New Onondaga Lake Boat Launch & Dock Honors Key Figure in Cleanup and Indicates Progress
A new recreational feature on Onondaga Lake is being seen as a way to get people more connected with the waterway, while honoring one of its champions. The Ken Lynch Boat Launch not only indicates progress in the lake’s cleanup, officials say, it also shows an increase in the lake’s value to the community.
While it might be just a boat launch, it makes a statement about how far Onondaga Lake has come … and how people can increasingly enjoy the lake. The launch will be built on the West Shore of the lake, near the state fairgrounds. State Department of Environmental Conservation Commissioner Basil Seggos says the dock reflects the lake being its cleanest in 100 years.
“We think about a lake that’s un-swimmable, unfishable, you can’t get to it, that restoration, it’s not an understatement to say it came together because of Ken’s work. And took this incredible pollution story and turned it into an international success story that we can celebrate on Earth Week.”
State Senator Rachel May re membered the lake’s spiritual importance to the Onondaga Nation only to have it end up a polluted superfund site, with which people lost touch.
“The effort to loop the lake, to bring the (Erie) Canal trail through here, people from the city can start to take ownership of this lake and really feel that it is ours.”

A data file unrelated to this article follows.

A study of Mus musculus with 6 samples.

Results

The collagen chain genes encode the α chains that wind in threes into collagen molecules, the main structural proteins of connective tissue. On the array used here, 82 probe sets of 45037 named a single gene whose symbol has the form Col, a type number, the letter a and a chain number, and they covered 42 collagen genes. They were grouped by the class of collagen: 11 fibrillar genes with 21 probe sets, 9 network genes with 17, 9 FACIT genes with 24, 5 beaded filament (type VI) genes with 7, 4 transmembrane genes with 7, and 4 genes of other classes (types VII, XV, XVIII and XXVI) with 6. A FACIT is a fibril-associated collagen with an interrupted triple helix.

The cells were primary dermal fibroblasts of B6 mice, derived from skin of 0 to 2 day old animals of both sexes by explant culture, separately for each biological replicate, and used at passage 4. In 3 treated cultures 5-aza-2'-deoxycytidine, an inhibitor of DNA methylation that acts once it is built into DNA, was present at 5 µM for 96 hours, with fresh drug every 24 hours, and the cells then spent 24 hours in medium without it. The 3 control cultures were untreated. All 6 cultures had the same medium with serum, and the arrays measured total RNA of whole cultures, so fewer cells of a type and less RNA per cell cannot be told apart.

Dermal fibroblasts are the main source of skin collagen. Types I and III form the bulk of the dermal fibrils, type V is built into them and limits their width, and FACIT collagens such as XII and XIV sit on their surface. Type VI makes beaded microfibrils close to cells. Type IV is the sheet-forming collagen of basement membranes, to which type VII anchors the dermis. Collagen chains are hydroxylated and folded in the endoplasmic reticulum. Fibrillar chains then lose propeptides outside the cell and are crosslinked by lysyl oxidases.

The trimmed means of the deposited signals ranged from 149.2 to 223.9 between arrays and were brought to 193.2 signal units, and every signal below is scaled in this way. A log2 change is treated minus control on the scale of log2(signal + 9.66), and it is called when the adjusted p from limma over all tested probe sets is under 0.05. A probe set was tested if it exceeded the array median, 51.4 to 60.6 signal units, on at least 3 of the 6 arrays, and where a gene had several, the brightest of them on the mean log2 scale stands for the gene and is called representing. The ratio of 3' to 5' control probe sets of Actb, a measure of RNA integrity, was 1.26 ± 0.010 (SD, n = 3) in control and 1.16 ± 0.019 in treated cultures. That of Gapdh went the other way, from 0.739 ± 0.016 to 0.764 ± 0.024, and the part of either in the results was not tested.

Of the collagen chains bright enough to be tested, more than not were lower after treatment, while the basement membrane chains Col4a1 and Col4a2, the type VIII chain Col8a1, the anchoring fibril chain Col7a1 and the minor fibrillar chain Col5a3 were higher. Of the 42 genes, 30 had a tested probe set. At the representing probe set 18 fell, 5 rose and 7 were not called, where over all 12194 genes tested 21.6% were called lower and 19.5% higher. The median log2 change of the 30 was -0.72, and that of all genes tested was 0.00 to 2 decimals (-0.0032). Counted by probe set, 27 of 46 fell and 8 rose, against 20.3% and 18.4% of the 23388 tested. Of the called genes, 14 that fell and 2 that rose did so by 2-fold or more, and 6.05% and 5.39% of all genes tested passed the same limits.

For his part, Lynch always envisioned people gaining access to the water and the shores at that site
“Even when the lake was polluted you’d drive by this site and you’d see people out here just looking at the lake. Almost every day when I drove home I would see people out looking at the lake. And I said someday that spot is going to be where people come to access the lake.”
He credited teamwork, from officials and citizens, to improve the lake.
“Besides being a cleanup success, this lake also happens to be 90-plus percent publicly owned. So we’re looking at a natural resource asset that we can all enjoy.”
Lynch adds the science shows the lake’s water has improved to safe pollution levels.
“Yes, you can swim in the lake; yes the data proves you can swim in the lake. It’s part of the work. It’s not just doing the cleanup, but demonstrating that the cleanup is effective. And the job is not done. There’s a lot of projects we still need to do. And we have to make sure the cleanup continues and we continue to see the results in the ware quality, the fish, and the surroundings.”
The launch will allow people to back boats on trailers down into the water, or launch kayaks and canoes. It will also include picnic and boat-cleaning areas, a fishing deck with universal accessibility, and eventually the loop-the-lake trail will pass through.
The facility is being built by Honeywell, as part of the entire lake cleanup agreement.